Four European Union consumers associations – OCU (Spain), Altroconsumo (Italy), DECO-Proteste (Portugal) and Test-Achats/Test Aankoop (Belgium) – in collaboration with Cibersomosaguas Research Group (Universidad Complutense of Madrid) and Ouishare Spain, came together to undertake a pioneering research project on the collaborative consumption phenomenon from the point of view of its effect on consumers and society.
The research report entitled, “Collaboration or Business,” includes a series of questions that the consumers associations thought were important to resolve:
- Do peer-to-peer (P2P) collaborative consumption (CC) platforms add value for individual consumers?
- Are CC platforms a safe environment for users?
- Do P2P CC platforms produce the beneficial impacts that some claim they do at economic, social and environmental levels?
- Are they creating value for society as a whole?
- Does the CC phenomenon represent a paradigm change or is it just a different way of doing the same business?
The research included 33 CC experts, over 8,600 consumers (users and non-users), and a sample of 70 websites of 55 different platforms across the four participating countries.
In order to explore the way that CC platforms organise and enable social interaction through design, features and informational content, a completely original research tool (a social Netnographic observational protocol) was developed and subsequently implemented by independent observers.
Key findings of the research
Collaborative consumption has high levels of awareness and involvement amongst those citizens that responded to the survey. Individual users are clear that CC platforms add value; this is reflected in high satisfaction levels and users’ reasons for participating.
Users reported no major conflicts, although better conflict resolutions systems should be put in place by the platforms, as current systems seem not so effective.
Additionally, some legal issues need improvement and clarification, particularly as the observational study of the legal dimensions of the platforms found different levels of compliance with the appropriate regulations. For instance, users should receive better information about the identity of the platform (fiscal data) and platforms should clearly distinguish between private and professional providers, as different legislation applies.
The platforms’ survey provided important information about the structure, governance, and environmental awareness of the responding platforms. According to the data from the study, it is clear that CC platforms are efficient but their governance models are still far from being collaborative. While some of the platforms are aware of environmental issues related to their operation, they provide no evidence about how their activities actually benefit the environment.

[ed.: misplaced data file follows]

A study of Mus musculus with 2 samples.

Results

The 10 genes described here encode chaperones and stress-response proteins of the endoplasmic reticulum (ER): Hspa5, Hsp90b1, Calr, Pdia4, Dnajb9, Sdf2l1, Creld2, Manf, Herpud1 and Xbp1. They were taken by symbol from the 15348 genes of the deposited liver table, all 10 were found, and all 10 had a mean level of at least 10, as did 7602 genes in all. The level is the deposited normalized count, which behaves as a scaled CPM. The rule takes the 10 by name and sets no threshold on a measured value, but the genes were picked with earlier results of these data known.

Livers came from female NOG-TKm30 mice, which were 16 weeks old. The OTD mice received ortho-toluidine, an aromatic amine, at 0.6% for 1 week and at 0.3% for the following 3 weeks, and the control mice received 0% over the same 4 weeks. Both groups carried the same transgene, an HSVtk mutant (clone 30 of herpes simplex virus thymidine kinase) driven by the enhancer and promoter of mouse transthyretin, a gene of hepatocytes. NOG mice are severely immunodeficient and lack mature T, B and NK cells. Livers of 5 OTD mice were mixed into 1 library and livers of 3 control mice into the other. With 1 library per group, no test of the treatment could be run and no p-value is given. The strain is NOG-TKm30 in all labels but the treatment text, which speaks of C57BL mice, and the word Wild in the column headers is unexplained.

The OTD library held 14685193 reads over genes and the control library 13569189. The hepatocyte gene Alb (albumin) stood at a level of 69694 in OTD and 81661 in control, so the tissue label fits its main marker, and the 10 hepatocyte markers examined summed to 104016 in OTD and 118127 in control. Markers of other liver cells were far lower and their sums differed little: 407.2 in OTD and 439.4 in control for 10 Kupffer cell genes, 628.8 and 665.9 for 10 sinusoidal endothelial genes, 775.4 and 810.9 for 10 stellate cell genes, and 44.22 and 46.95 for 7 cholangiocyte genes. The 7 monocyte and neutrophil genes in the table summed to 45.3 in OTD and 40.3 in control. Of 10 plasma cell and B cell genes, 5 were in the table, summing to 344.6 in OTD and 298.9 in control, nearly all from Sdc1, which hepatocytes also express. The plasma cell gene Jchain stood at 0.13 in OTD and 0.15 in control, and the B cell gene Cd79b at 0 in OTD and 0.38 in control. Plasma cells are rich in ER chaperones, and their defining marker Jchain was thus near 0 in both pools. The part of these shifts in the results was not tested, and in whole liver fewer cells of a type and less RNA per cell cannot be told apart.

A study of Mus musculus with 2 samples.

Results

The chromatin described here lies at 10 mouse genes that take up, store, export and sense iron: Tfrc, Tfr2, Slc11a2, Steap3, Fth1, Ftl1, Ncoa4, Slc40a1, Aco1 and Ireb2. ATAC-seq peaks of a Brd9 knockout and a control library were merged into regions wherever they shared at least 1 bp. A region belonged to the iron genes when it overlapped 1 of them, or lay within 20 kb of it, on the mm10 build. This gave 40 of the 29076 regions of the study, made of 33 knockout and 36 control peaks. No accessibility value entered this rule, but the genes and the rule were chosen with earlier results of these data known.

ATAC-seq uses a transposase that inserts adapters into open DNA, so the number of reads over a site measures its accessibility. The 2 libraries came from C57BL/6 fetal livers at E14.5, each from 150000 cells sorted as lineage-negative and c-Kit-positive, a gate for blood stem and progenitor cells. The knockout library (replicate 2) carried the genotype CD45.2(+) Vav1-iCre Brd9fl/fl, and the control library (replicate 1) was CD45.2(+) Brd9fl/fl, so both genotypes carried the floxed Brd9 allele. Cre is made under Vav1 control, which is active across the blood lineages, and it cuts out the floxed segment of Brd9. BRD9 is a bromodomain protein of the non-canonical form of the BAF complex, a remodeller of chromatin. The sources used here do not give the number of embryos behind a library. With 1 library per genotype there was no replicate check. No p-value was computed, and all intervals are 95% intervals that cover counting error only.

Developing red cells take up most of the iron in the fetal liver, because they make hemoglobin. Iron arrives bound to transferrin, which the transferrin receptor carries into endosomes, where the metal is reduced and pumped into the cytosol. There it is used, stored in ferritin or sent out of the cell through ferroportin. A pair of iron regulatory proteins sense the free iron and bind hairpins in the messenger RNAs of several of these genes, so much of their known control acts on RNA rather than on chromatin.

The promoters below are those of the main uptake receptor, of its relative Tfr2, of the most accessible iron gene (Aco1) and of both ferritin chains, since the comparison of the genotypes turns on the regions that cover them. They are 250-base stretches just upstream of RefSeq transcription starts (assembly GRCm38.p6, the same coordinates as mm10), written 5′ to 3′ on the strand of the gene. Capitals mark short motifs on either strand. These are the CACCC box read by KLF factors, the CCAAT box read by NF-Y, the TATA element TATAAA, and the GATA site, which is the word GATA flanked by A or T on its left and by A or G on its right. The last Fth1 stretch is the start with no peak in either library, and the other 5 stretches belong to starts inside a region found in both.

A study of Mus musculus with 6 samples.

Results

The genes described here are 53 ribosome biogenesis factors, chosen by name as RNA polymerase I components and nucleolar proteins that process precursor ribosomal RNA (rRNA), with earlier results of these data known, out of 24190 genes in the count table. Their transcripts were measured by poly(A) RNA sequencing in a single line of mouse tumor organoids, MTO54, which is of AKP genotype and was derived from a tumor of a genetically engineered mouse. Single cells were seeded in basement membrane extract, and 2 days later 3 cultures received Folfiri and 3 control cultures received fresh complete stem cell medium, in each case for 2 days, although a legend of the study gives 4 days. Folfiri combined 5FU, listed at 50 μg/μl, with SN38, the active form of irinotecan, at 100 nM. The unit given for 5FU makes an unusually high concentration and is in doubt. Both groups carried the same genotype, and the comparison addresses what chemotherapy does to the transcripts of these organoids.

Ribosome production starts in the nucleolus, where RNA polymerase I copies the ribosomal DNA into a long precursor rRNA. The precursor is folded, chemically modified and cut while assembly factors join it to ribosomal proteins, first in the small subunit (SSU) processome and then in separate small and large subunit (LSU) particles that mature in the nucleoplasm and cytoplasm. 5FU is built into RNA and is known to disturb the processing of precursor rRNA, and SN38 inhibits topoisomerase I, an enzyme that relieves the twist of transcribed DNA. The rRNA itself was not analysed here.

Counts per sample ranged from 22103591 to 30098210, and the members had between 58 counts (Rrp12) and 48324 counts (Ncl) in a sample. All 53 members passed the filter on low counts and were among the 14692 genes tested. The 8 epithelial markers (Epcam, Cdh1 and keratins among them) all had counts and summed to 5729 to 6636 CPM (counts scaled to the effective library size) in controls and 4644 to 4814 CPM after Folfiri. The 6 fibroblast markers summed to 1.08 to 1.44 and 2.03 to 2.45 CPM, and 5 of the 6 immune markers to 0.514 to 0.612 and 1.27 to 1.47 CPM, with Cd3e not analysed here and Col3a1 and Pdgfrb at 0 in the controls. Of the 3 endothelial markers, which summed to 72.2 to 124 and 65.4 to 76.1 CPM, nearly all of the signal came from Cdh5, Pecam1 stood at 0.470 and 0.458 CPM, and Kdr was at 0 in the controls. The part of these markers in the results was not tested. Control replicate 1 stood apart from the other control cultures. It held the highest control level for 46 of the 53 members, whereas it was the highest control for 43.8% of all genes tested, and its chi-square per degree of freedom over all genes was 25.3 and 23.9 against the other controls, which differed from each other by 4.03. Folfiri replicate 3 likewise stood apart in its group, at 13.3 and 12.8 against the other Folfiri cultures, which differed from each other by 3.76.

A platform’s orientation is not just a question of what they do but also of how they do it. The balance between business and collaboration varies greatly from one platform to another, even within the same sector. The social netnographic study determined that there are three typologies of platforms:
- 46% of the platforms in the study are network oriented and aimed at creating networks of users connected by their common interests and digital reputation. Representative platforms: Airbnb and BlaBlacar.
- 28% of the platforms in the study are transaction oriented; their purpose is to facilitate easy and practical exchanges between users. Representative platforms: Segundamano (Spain) and Uber Pop.
- 26% of the platforms in the study are community oriented. Their model is a transformative paradigm that aims to create stronger communities and to promote more sustainable consumption habits. Notably, Italy and Belgium have more platforms in the community category compared to Spain and Portugal. Representative platforms: Repair Café (Belgium), Reoose (Italy) and Huertos Compartidos (Spain).
All of them provide value to users, but only about a quarter (26%) of platforms are focused on communities and have strong social and environmental missions.
The study finishes (page 65 onwards) with a set of 10 recommendations for Collaborative Consumption platforms and 10 requests to Policy makers and administrations.